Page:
Modern life can be chaotic. Automation, AI, demographic shifts, globalization, political instability, and regulatory uncertainty are the hallmarks of our age. Navigating the changes these competing trends cause is challenging both at the enterprise level and for individual employees.
On one level, your organization must adapt to tectonic shifts in the economy by identifying and prioritizing the specific knowledge, skills and abilities necessary for your workforce to successfully execute business strategy. On another level, your employees need to know what they’re responsible for, how to be successful in their current roles and how to prepare for their next roles. Misalignment between your human capital strategy and the facts on the ground will cause confusion and disengagement among your people -- further impeding the successful execution of strategy.
Your employees deserve a clear understanding of what’s required to perform in their current roles.
Have you ever looked at the official description for the job you have now and thought, “Is that what I’m supposed to be doing?”
When your org chart, job titles, or roles and responsibilities don’t reflect the reality of your organization’s operations, it creates confusion for new hires and establishes unnecessary hurdles in getting work done. While it is impossible to formally define every detail of every expectation in a given job, your employees need a clear sense of what they own and perhaps more importantly, what they don’t.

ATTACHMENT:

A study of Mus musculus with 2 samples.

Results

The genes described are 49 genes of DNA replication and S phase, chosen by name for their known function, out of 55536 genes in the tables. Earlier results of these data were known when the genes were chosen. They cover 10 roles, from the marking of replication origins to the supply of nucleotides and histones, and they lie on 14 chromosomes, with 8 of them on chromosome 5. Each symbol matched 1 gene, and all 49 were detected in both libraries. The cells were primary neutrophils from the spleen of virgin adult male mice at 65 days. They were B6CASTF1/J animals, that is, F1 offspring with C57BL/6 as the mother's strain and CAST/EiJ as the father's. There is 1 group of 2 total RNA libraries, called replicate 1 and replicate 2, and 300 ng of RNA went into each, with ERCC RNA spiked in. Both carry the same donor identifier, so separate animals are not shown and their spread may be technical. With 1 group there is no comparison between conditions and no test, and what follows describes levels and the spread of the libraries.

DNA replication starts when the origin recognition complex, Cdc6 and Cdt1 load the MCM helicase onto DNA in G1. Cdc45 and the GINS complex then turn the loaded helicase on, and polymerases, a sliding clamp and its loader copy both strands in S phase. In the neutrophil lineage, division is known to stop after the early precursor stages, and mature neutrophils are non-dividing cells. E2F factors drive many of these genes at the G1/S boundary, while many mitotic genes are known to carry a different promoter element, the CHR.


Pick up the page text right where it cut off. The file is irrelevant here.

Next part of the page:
This information impacts almost every aspect of your team’s daily tasks, performance management, compensation and career development. The least we can do is ensure the information aligns with the reality of employees’ work and supports the current and future needs of the business.
Define your future talent needs and be transparent about it.
Many problems in life are information problems, and most of those are actually lack of information problems. Let’s say your organization determines that a certain proficiency in data analysis will be crucial to your business strategy. This skill requirement might be top of mind among your workforce planning team or your talent acquisition center of excellence, but if your employees don’t know this skillset is about to become incredibly valuable, you are shortchanging them and the organization. Give your team members a chance to focus their personal development on areas that will increase their value to the business.
Similarly, if certain competency or skills profiles are about to become less valuable in your organization, you should consider communicating that information as well. Approach this as an opportunity to support future-focused career paths for your employees and help them develop toward their next position.
Though this process isn’t easy, clearly defined roles, competencies and career paths that align to both the present and future business needs will go a long way in improving the engagement and performance of your workforce.
Want more on this topic? Listen to the on-demand version of HCI’s webcast to learn how SunTrust Bank worked with IBM’s future-oriented job and skill profiles to drive both a cultural and operational transformation.